Published by Bath Treasury
Published on August 8th 2019 (24 November 1877)
Genres: Fiction, Historical
Source: My home library
Anna Sewell's classic paints a clear picture of turn-of-the-century London, its message universal and timeless: animals will serve humans well if they are treated with consideration and kindness.
This is the third copy of Black Beauty I own.
Black Beauty is an incredibly special book to me. Not only was it the first non-picture book I ever read all by myself at age 5 or 6, and when I finished it I immediately started it all over again: it taught me an incredibly important life lesson I have lived by my entire life: do not be cruel to animals under any circumstances.
It probably also contributed to my insatiable love of horses. When I was a child, I used to ask my mother every so often, “If we move to the country, can I have a horse?”
To which she always answered, “No.”
Not understanding that the whole prospect was contingent on that ‘if’, and that I knew we were never moving to the country (suburb-dwellers for life!). My mother believed I was incapable of looking after a horse: in fact, she delights in telling people that I allegedly changed my mind on wanting my own horse after she asked my primary school teacher to make me do an assignment on how to look after a horse, and apparently I found out it would be too much work to get up at 5am every day, groom, exercise, and cool down a horse, muck out its stall, clean its hooves, and generally have an amazing time every single day with my best friend in the whole world.
She was wrong. No teacher ever asked me to do that kind of assignment. All of my learnings about horses was self-led. I even taught myself how to ride purely by research. How, you may ask, did I know that I was any good at riding ‘just’ from reading about it? I read a lot, practised on some stools, and then when my dreams finally came true and I mounted my first ever horse, the girl who was to lead me was surprised I was keeping my back straight, my heels down, being gentle on the reins and squeezing with my calves rather than kicking.
Now, I’m not claiming I was a great rider, because I was like 7, but I certainly knew the basics enough that a stranger thought I was an experienced rider.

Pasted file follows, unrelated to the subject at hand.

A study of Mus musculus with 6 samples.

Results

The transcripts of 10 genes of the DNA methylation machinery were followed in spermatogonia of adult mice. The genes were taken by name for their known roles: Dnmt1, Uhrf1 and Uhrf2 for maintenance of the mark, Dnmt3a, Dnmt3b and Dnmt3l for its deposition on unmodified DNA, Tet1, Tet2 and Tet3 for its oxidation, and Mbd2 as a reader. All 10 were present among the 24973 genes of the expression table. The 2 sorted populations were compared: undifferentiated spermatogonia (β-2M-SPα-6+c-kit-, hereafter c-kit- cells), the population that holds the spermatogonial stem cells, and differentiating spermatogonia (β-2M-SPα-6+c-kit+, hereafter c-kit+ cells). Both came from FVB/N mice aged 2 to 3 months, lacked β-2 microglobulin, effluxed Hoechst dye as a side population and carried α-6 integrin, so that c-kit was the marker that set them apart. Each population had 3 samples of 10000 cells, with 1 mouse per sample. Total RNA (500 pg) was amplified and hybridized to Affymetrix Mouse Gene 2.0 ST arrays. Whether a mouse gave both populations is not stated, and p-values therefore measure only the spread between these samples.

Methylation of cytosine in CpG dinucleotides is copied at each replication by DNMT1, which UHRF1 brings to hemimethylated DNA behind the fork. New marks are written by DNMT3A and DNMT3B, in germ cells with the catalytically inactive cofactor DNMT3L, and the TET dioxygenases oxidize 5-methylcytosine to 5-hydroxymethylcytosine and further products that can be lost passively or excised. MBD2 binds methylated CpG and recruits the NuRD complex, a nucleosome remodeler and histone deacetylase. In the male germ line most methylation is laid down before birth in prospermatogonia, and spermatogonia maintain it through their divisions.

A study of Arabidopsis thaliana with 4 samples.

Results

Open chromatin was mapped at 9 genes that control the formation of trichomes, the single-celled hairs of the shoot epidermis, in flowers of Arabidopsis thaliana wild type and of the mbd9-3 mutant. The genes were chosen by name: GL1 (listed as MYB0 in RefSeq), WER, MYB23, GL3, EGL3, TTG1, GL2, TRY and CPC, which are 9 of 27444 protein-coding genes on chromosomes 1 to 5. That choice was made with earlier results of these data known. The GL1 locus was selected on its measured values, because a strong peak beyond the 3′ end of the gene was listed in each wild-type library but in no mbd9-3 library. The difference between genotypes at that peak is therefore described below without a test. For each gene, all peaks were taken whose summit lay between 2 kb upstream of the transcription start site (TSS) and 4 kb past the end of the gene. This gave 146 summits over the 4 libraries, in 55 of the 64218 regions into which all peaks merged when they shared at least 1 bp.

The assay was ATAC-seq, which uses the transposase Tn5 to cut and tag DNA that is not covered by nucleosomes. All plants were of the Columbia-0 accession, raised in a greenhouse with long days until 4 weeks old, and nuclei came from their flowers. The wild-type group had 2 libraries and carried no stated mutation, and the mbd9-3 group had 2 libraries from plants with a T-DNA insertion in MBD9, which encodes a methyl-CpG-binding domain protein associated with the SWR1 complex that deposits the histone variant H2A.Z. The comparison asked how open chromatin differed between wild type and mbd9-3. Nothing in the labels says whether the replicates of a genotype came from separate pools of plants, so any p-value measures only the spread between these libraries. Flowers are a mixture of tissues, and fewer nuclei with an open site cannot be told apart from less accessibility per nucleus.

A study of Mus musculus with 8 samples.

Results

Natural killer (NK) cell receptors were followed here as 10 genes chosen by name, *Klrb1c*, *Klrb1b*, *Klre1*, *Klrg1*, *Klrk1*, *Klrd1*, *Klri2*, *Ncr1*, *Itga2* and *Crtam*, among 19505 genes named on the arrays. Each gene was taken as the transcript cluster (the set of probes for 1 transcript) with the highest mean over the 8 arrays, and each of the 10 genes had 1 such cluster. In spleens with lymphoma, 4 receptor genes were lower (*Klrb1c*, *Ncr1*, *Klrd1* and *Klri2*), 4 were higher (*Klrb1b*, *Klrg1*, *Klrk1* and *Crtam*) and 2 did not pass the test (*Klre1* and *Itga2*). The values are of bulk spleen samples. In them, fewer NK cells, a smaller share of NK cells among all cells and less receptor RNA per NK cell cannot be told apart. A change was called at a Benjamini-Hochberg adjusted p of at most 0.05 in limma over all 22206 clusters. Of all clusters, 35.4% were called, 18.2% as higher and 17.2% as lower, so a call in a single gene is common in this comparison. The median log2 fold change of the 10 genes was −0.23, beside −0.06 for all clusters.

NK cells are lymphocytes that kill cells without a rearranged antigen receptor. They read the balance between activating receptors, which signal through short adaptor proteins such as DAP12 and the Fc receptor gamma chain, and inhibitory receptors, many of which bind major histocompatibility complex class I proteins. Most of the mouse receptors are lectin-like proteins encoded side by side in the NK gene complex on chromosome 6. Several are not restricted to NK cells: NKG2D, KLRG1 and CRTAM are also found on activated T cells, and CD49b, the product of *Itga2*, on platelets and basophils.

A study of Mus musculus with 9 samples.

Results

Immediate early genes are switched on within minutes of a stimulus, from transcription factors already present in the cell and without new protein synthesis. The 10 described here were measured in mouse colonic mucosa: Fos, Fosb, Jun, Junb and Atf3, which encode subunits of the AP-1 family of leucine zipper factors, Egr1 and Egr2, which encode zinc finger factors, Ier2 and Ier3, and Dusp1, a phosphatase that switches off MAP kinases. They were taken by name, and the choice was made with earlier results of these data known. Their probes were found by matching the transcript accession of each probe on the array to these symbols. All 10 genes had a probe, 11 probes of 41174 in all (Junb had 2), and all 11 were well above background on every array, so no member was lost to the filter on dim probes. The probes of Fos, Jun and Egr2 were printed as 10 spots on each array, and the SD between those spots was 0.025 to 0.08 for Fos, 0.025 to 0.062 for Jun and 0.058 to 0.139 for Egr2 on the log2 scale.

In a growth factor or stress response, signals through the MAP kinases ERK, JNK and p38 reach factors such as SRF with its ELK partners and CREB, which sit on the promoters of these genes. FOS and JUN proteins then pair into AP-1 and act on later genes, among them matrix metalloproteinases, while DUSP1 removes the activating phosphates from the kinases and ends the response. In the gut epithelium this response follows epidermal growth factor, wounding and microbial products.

Why am I telling you these stories?
Because I love horses so much, and I’m pretty sure Black Beauty was the thing that branded me a horse lover.
This book is incredible. It was first published in November 1877, and was the first novel ever to be written from the first person point of view of an animal, let alone a working animal, and be a novel where the animals engaged each other in dialogue. It tells an amazing story of the life of a high-bred horse as he changes masters over the course of his lifetime and experiences everything, from the love of a gentle and experienced master, to the horror of the bearing rein, the cruelty of ignorant or wicked humans who treat him like a machine and hurt his body and are responsible for his injuries over and over, until he is finally sold at a horse market and comes full circle back to the hands of someone he knew and loved in his earlier life.
I have loved this book for a long time, and I’m aware that some people call it preachy or say that it doesn’t appear to have been written for children when compared with other children’s books at the time, for which it is modernly marketed: but the context of the novel also has to be taken into account. The author, Anna Sewell, was a great horse lover, and wrote the book to open people’s eyes to the cruelty against the working animals back in 1887, and to encourage kindness and empathy towards all living creatures. It was not intended to be a children’s book, though I do believe that engaging with it early in life will help to encourage kindness to animals, and I believe it should be on mandatory reading lists.
As a direct result of the popularity of this book, the bearing rein, a purely fashionable and intolerably cruel accessory which forces a horse’s head up high when they are drawing a carriage, and means they cannot put their heads down, which is important when they are going up a hill for example, and also contributes to pressure in other parts of the body and can impair their breathing, fell out of fashion.
Unfortunately, Anna Sewell, who was physically disabled, died not six months after the publication of this incredible, ground-breaking, and personally significant novel.
This book is also in the public domain and therefore free on Amazon Kindle.